Hero Tales: Really Authentic
by Hal | December 1st, 2011
We all love the director’s commentary and the extra “How We Made It” sequences on DVDs. We’re not quite there yet for our own Great Waters Press productions, but we thought you might be interested in what is going into our Hero Tales audiobook CDs.
The newest disc in our series, Volume 3, brings the collection up to the War Between the States. One track tells the story of the 1862 Battle of Hampton Roads, between the USS Monitor and the CSS Virginia (often called the Merrimac), the first clash of ironclad warships.
This was an interesting story to produce. We’ve used the sounds of waves, seagulls, and ship’s bells before to give the basic nautical flavor to the background. But the Monitor and the Virginia offer unique problems. To start with, what did they sound like when they were underway?
We try to be as authentic as possible with the sound effects in these stories, but sometimes you just have to make your best educated estimate. For instance, we know both these ships were propeller driven, so we can’t use sternwheel riverboat sounds. They were steam powered vessels with engines peculiar to maritime uses. While there’s information online about the different styles of engine they used, I couldn’t find any recordings of that exact machinery. I opted to use the sound of two different narrow gauge steam locomotives, one a little deeper and slower than the other, edited to give the steady beat you would have heard on board.
One of the remarkable features of the battle was the sight of cannonballs bouncing off the ironclad vessels. Did that make a distinctive sound? I think so, and I think it would have been distinct for the two warships. The armor on the two vessels was radically different. The Virginia had four inches of iron on top of 24 inches of solid oak and pine. The Monitor, on the other hand, was all metal – the most exposed thing, the gun turret, had eight 1-inch layers of iron bolted together, with another layer of 1-inch plates bolted inside the turret to dampen the sound of a direct hit (yeah, right). I chose a deep metallic sound for ricochets off the Virginia, sort of a “bong,” and a higher note (“clank”) for hits on the Monitor.
Their guns were different, too. The Monitor had two big 11-inch naval guns, while the Virginia was described as a floating battery – smaller guns, but lots of them. I found a recording of an actual Civil War cannon shot, likely a smaller bore field piece, which I used for the Virginia’s rifled armaments. A deeper “boom” stands in for the Monitor’s big Dahlgrens..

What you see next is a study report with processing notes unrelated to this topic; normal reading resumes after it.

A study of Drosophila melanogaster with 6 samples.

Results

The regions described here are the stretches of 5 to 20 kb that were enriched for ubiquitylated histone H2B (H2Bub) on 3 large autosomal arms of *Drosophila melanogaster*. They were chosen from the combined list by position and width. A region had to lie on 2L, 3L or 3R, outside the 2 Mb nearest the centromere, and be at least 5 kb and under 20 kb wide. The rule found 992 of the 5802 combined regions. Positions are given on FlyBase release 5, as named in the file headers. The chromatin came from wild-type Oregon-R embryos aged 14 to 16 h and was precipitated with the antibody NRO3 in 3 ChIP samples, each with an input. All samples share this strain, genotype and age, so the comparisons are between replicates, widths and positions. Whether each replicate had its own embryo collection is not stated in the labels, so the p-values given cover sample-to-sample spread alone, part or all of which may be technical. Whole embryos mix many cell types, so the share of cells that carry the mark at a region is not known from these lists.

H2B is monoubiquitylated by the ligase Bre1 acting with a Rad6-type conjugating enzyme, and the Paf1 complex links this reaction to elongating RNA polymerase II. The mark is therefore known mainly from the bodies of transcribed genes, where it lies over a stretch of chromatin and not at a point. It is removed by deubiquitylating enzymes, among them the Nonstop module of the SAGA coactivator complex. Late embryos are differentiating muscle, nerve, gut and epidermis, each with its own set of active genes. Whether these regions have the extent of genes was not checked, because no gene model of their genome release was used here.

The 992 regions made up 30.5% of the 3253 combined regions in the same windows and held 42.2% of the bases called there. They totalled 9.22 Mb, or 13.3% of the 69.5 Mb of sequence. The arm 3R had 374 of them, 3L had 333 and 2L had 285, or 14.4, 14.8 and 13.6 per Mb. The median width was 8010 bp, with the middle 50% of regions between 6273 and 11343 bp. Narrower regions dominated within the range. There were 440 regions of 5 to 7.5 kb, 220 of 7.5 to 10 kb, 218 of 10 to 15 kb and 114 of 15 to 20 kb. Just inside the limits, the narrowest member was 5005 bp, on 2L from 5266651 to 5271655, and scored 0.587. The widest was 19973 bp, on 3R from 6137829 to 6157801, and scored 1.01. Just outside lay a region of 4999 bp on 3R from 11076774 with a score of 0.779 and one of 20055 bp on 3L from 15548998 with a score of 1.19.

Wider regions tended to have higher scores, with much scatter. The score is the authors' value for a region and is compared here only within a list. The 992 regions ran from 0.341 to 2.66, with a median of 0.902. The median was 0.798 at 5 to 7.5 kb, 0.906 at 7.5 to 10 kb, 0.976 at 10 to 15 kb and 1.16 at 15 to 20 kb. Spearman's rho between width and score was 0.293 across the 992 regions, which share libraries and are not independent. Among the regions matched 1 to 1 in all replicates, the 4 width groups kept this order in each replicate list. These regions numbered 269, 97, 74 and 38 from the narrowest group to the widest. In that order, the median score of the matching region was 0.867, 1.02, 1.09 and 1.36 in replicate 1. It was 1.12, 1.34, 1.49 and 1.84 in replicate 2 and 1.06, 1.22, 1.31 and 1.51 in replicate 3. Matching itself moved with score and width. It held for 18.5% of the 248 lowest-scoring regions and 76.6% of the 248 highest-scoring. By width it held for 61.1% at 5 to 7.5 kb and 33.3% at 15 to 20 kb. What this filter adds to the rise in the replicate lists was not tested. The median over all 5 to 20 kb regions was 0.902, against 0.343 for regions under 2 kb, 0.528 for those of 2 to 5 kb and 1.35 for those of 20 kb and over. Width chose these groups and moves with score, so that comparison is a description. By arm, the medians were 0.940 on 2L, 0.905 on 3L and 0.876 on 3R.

If you listen carefully to the battle sequences, you might be able to track who’s shooting what at whom—and watching it bounce harmlessly off which.
Maybe the best thing is the celebration on the southern shore after the Virginia’s initial success. My son John Calvin found a recording (a film, actually) made at a reunion of Civil War veterans in the 1930’s. The three cheers you hear echoing over Chesapeake Bay on our CD are the genuine Rebel yell – performed by actual Confederate soldiers. How authentic is that?
Sometimes you just can’t find what you need. I’ve already mentioned the creepy Deguello bugle call Santa Anna used to announce “No prisoners” to the defenders of the Alamo. Our army never had need of it, and I couldn’t find another recording suitable for use. Roosevelt didn’t mention the bugle, so I just let that historical detail pass. The shots from Jim Travis’ pistol are a period black-powder revolver, though, and the ticking clock on Gouveneur Morris’ wall in revolutionary Paris is an 18th-century, Scottish antique – and the angry mob in the street is shouting in French. That’s in volume 2, by the way.
If you have enjoyed our rendition of Hero Tales, we’ll be glad to answer any questions we can. If you haven’t heard them yet, why not download a sample and try one out? We think you’ll like them!
Bibliography Note: When the book Hero Tales from American History was first published in 1895, Henry Cabot Lodge got top billing over co-author Theodore Roosevelt. Although both men were Harvard graduates with established records of historical and biographical books, at that time Lodge was the more prominent of the two—a Ph.D serving in the U.S. Senate after three terms in the House. Roosevelt had served short terms in the New York General Assembly and the federal Civil Service Commission, but his meteoric rise from the New York governor’s office to the White House (with a brief visit to San Juan Hill, Puerto Rico) were still in his future. So in 1895, Senator Lodge is credited first.